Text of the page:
Nov 12, 2012


Almost two months went by without any news. Two months easier to handle than the first four of 2012 because my ankle was free, free, free!

We went to the beach for Memorial Day and feeling the sun touch my skin and the sand covering my ankles when I burrowed my feet in it, felt heavenly.  We felt almost normal; those four months have been a dark time for us. I hadn’t felt like me, as positive as I tried to be I hadn’t acted like me throughout those four months. I didn’t joke all the time and laugh all the time and teased all the time like I used to. I felt my former self slowly coming back to my body, as if my soul had trickled out and was just now tip toeing its way back to my body.

My friend Dick and his wife had a date for their baby to be born and we were all excited to go to the hospital to meet him. I got a call from my lawyer that week. Our appointment with the immigration judge had been set. “As in four day from now?” I asked. “Yes, be ready” I could hear the excitement in his voice.

That Wednesday night we left work and drove to Miami to stay at my sister’s house. We didn’t want to risk traffic or anything keeping us from that appointment. I carefully selected my outfit and spend the night talking to my sister and watching the Women’s Diving qualifications for the Olympics.

The appointment was at 1 pm the next day. We went to have breakfast across the street where I decided to go all out and eat a Croissant the size of my head. If anything went sour at least I had enjoyed some buttery carbs. We drove to the place, twenty or so minutes away from my sister’s apartment. We ended up getting into an argument because DH wouldn’t park where I told him to park and had to walk a couple of blocks and arrived at the place all wrinkled and sweaty. The nerves were getting to us and we kept snapping at each other like angry cats.

We walked into our assigned courtroom, where another lawyer (incredibly inappropriately dressed) sat with her client and reviewed the case; since my darling layer was running late they decided to review their case while we waited. The prosecutor looked like an uncompromising woman with no sense of humor and I hoped she was feeling generous, not only towards me but also the guy with the sexily dressed lawyer because his case sounded like a nightmare.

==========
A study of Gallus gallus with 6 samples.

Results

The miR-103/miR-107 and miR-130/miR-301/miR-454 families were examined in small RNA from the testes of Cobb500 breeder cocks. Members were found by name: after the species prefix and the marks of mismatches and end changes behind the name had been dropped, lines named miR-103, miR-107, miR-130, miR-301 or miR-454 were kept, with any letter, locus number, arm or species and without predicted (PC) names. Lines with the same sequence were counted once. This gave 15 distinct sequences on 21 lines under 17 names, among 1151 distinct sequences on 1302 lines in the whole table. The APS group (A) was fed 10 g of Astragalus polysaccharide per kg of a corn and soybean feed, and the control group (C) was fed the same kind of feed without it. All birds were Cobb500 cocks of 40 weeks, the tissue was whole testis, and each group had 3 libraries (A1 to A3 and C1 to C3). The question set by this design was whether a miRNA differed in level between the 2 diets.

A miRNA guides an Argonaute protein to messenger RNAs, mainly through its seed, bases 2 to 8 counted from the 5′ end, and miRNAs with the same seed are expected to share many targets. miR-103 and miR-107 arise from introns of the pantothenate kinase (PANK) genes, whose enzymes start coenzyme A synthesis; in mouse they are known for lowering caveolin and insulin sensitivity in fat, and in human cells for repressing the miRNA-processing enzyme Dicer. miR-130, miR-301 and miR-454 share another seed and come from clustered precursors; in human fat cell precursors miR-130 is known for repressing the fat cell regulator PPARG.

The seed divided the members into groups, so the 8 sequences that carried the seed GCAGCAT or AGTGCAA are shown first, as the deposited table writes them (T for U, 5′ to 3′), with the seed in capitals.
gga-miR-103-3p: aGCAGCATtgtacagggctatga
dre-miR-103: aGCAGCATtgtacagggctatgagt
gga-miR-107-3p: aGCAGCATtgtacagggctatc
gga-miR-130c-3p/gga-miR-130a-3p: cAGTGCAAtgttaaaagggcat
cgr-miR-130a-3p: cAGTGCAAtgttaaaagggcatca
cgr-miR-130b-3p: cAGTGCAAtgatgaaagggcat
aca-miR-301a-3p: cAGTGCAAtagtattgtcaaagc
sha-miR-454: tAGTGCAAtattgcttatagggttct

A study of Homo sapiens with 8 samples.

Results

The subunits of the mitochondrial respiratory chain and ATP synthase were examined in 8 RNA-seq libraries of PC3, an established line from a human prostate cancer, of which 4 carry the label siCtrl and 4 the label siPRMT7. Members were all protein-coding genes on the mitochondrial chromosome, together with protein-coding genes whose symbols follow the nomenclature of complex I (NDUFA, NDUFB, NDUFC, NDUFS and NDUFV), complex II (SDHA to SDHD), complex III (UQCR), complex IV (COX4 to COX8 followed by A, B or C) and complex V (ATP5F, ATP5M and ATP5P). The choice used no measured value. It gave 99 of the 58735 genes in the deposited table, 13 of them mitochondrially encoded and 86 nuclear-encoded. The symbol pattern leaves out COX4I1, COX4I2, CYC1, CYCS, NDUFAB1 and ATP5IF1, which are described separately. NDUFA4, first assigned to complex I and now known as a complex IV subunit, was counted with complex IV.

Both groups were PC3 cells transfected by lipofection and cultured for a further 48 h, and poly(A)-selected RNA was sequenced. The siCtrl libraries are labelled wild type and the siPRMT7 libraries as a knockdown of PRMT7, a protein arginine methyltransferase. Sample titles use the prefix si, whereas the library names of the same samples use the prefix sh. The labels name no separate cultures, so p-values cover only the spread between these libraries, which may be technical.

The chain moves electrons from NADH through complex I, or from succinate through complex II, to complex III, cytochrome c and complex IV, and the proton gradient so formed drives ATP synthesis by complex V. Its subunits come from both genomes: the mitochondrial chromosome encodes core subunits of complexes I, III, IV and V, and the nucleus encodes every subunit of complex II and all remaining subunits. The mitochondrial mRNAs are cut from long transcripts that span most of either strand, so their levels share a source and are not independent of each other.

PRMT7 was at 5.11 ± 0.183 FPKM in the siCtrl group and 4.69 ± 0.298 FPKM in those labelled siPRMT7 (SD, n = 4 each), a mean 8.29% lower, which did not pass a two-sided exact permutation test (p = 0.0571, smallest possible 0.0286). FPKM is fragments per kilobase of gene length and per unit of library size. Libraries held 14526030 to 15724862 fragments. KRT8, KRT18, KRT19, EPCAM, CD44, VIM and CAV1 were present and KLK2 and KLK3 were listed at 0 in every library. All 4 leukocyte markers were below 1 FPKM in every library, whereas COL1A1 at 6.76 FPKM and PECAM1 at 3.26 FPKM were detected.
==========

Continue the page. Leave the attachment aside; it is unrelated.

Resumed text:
Finally my lawyer arrived. He walked in and called me to sit next to him. Dear Husband tried to get up and sit with us but there was no chair for him. It seemed to me an oddly symbolic moment. He was requesting them for me stay as his wife, but in that moment I alone would be judged. I would be the one to face alone, unlike the interview when we sat there holding hands) the review of my life, my case and the decision.  

The judge started stating the case for the record, my name, date of birth, country of birth and case number. He asked my lawyer “How do you want to proceed?” he replied “We want to move forward with a dismissal of the proceedings (which meant dismissing and removing my deportation order) so we can continue to apply for permanent residency in the local USCIS office” (or something along those lines). The judge then asked the prosecutor how she felt about that. She replied “I am alright with that, your honor”. 

And that was it. The Immigration Judge signed the paperwork, gave a copy to the prosecutor and one to my lawyer. In less than three minutes the whole thing was over. My deportation order had gone away as if it had never happened. What had taken three years and three months to solve was concluded in a Court with a Judge in three minutes. Three minutes. It took longer to record my information for the court’s records than to resolve it. I sat there stunned. My lawyer said his thanks, grabbed my elbow and pulled me from the chair. We walked out and closed the door. I knew what this meant; he didn’t have to explain it. He still smiled big, took my hands and said “Congratulations, in three years you’ll be a citizen” Dear Husband laughed and shook his hand. He explained that the local USCIS would send a letter to conclude the interview we had in January. They said we should have an appointment in a month and to contact him so he could put some pressure if they hadn’t.

He shook my hand once more and DH and I got on the elevator and hugged each other and laughed. Laughed in relief, laugh away the tension that had sat on our shoulders for three years. Laughed at how easily they took a road block that had kept us from moving on with our lives. How simple they made it look, with a few words and a signature on a piece of paper.

See, the journey wasn’t over. I knew there were other steps to take, more bureaucrazy to deal with but this was the biggest issue, this was the  Damoclean Sword finally removed from above my head. We walked to the car, went to pick up my sister and drove home talking about feminism and Rookie Magazine (at least my sister and I did, Dear Husband just rolled his eyes at us).

After meeting my friend’s new baby (who weigh 9 pounds, 11 oz) we went home, had dinner and watched TV. So normal, so like every other day and yet everything had changed. I was not done, it was not over but I was finally free. I could travel within the country without fear of getting deported. I would not be rounded up like cattle and taken away from what was now home.

I went to bed holding DH’s hand and contemplating all the possibilities that had now open before me.